With a persistent drought, and a hotter and drier climate, California must look beyond water conservation and recycling and develop new water storage and supply projects, the California Chamber of Commerce urged Governor Gavin Newsom last week.
On behalf of a broad coalition of organizations, the CalChamber submitted a letter to the Governor, pointing out that even after our current drought ends, two things are certain: we will in the not-too-distant future face another drought, and California is chronically short of water even in “normal” water years.
This is why it’s imperative that the state partner with federal and local agencies and the private sector to urgently develop and implement a Water Supply Strategy that secures ongoing, reliable new water sources to serve the state’s urban and agricultural uses within the decade, the coalition said.
The coalition recommended that the Water Supply Strategy feature four essential projects:
• Construction of Sites Reservoir: The Sites Reservoir would be a new lake in the Sacramento Valley that, when full, could hold enough water to supply 3 million households for one year. It does not rely on snowmelt but captures winter runoff from uncontrolled streams below the existing reservoirs in the Sacramento Valley. Because of this, it will inherently adapt to future climate conditions and will be operated to improve water supply resilience to the predicted changes in weather.
Last year, the California Water Commission advanced the Sites project by confirming its eligibility for some state bond funding to help meet the overall price tag for the reservoir. This is a good start, but more needs to be done more quickly, including a commitment to securing the necessary water rights to operate the project and obtain funding, streamline permitting and fast-tracking any legitimate litigation, as well as identifying additional funds to advance the design and construction schedule, the coalition said.
• Water capacity restoration at current reservoirs: A surprising amount of reservoir capacity is underutilized and cannot be operated at full capacity because of dam safety and seismic concerns, the coalition pointed out.
Since these reservoirs are already in the ground and part of the water supply system, their rehabilitation represents a cost-effective strategy to store more supplies. State and local officials should identify and fast-track funding and streamline permitting for dam safety retrofit projects that could restore substantial existing storage in a relatively short time.
• Construction of desalination plants: Another promising approach that calls out for a focused effort and leadership is desalination.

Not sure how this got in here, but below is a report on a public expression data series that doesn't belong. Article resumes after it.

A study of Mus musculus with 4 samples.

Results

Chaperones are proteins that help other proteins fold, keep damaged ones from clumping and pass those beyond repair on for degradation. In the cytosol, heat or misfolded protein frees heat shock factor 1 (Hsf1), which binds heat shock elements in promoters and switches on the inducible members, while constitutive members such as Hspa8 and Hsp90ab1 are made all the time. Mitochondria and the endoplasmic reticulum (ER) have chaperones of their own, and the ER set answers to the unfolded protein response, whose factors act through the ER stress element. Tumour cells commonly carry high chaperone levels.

Earlier this year, the Coastal Commission missed an opportunity to demonstrate how to approve an important and needed technology, rather than leaving desalination investors to guess at what, in the words of the commission chair, constitutes “intelligent” desalination. Several other desalination plants are currently in the pipeline elsewhere in California, and they deserve a better roadmap to regulatory success, the coalition said.
“As we have self-imposed limitations on developing surface and ground storage, we should in turn support creative options that utilize technology and efficient land use to deliver quality potable water for urban use,” the coalition urged.
• Proposal of new Sacramento-San Joaquin Delta water transmission infrastructure: This year marks the 40th anniversary of voter rejection of a Sacramento-San Joaquin Delta water conveyance proposal, known then as the Peripheral Canal. Four decades have passed without a new agreement on water transmission infrastructure or even operating principles.
The coalition explained that improvement of existing Delta infrastructure is not an option, especially considering the ongoing degradation of natural habitats under the status quo, and the threat of catastrophe should Delta levees collapse from an earthquake or rising sea levels.
“Tens of millions of Californians depend on water conveyed through the Delta, which will require more efficient technology, infrastructure, and operations to increase water available for human consumption and commerce,” the coalition said.
Economic Impact of Drought
California’s persistent drought has become a grave threat to the state’s economy.
Last year, drought forced the agricultural industry to shrink by an estimated 8,745 jobs and shoulder $1.2 billion in direct costs as water cutbacks forced growers to fallow farmland and pump more groundwater from wells, according to research from the University of California, Merced.
This year, the effect on agriculture will only be worse, given the unprecedented moratorium on water exports and the regulatory limitations on groundwater pumping, the coalition explained. California’s summertime energy reliability challenges also will be exacerbated by the likely absence of major portions of its traditional hydroelectric capacity. Moreover, water-dependent manufacturers, producers, builders and consumers will face uncertainty and higher costs as long as the drought afflicts California.
In the short term, conservation, recycling and wise water use are the best and most effective strategies, but California should also develop a new water storage plan so that we can count on a reliable water supply with a much better margin for safety, the coalition stressed.